I hope the balls are being juiced. Home runs are fun to see, and I’m OK with lots of strikeouts to that end. The Braves have done their part with 143 home runs this season, seventh-most in the majors and third-most in the NL.
The Braves are drawing big at SunTrust Park lately because they are good. It also doesn’t hurt that there’s a good chance of seeing lots of homers hit by the home team, including dramatic shots in later innings. Live balls are benefiting the Braves this season and could for years to come if the trend continues.
Acuna is one of five core Braves hitters who can slug. Freddie Freeman has been doing it for a long time. Dansby Swanson has discovered a power stroke this season. Ozzie Albies has good pop, and Austin Riley has hit 16 homers in 49 games since being called up.
But the league-wide homer binge could be detrimental to the Braves in the bigger picture. They’ve built their organizational talent with pitchers. The Frank Wren/John Hart/John Coppolella regime selected 11 pitchers in the first round of drafts from 2008-17. Current general manager Alex Anthopoulos took a pitcher with his first pick in the 2018 draft before choosing a catcher and shortstop this year.
Of course, good pitching can counter all those home run hitters. It needs to be the right kind of pitching, though. Batters are hitting the ball in the air more often and harder, so pitchers who induce a lot of swing and misses and ground balls tend to avoid home runs. The young Braves pitchers who made it to the majors and are still around are mixed on those measures.
Among the starters, All-Star Mike Soroka induces ground balls at a rate well above the MLB average for all pitchers, but is a bit below par at getting swings and misses. Max Fried gets lots of ground balls with an above-average strikeout rate. Bryse Wilson has a low ground-ball rate, but an above-average swinging strike percentage.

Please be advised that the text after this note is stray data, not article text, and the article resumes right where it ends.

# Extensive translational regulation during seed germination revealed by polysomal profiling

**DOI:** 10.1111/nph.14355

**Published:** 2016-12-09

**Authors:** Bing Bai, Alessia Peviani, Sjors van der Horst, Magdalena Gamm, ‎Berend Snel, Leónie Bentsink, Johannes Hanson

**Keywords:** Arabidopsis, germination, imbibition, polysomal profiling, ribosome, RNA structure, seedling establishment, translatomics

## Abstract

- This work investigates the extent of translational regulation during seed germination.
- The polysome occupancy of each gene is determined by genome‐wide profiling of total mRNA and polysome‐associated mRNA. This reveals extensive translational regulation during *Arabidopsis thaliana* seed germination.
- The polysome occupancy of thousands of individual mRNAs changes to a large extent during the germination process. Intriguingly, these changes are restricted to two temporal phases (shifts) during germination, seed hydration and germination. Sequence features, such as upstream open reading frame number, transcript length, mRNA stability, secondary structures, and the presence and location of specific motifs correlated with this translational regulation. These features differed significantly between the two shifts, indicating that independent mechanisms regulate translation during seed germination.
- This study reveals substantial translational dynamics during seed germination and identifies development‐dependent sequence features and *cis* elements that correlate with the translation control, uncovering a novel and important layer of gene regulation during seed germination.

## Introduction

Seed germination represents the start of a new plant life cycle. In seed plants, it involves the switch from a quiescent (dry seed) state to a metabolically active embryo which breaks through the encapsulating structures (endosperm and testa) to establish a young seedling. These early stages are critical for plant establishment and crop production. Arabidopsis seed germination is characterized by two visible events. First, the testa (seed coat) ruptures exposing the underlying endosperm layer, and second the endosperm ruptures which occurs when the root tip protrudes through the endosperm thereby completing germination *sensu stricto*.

In the bullpen, A.J. Minter and Chad Sobotka are high-strikeout, low ground-ball guys. Sean Newcomb has been average at both, though his strikeout rate has declined this season. Touki Toussaint is above average at inducing ground balls and strikeouts.
Atlanta Braves' starting pitchers in 2019
Those pitchers are early in their MLB careers, but the rates for ground balls and strikeouts become meaningful with relatively small samples. It helps to limit walks so home runs aren’t so damaging, and that’s been a big issue for young Braves pitchers. Soroka’s walk percentage is excellent while every other pitcher has been below-average. Wright, Wilson, Toussaint, Sobotka and Newcomb all issue walks at rates that are at least one-third higher than the MLB average.
Those pitchers will have to figure out how to navigate MLB’s surge in home runs. Even if the ball isn’t juiced they’ll still have to contend with batters focused on hitting the ball hard in the air without regard to striking out. Verlander has been a good MLB pitcher for a long time and even he’s having a hard time adjusting.
The context of Verlander’s quotes about juiced balls includes the majors-leading 26 home runs he’s allowed this season. He conceded to ESPN that he’s thinking about his legacy. But Verlander’s comments aren’t completely self-interested because he long has had high rates of swinging strikes and strikeouts, which make him less susceptible to allowing homers.
And Verlander is right about the suspicious timing of MLB buying Rawlings. It happened right after a league-commissioned study concluded the homer spike was because of “reduced drag on the baseballs, leading to better carry.” That investigation found no changes in the baseball. It contradicted previous independent studies that showed bouncier baseballs with lower seams contributed to the homer spike since the 2015 All-Star break.
The live ball is good for the 2019 Braves. They have young hitters who can bash baseballs over fences, including Acuna. It may not be so good for their pipeline of fresh pitchers.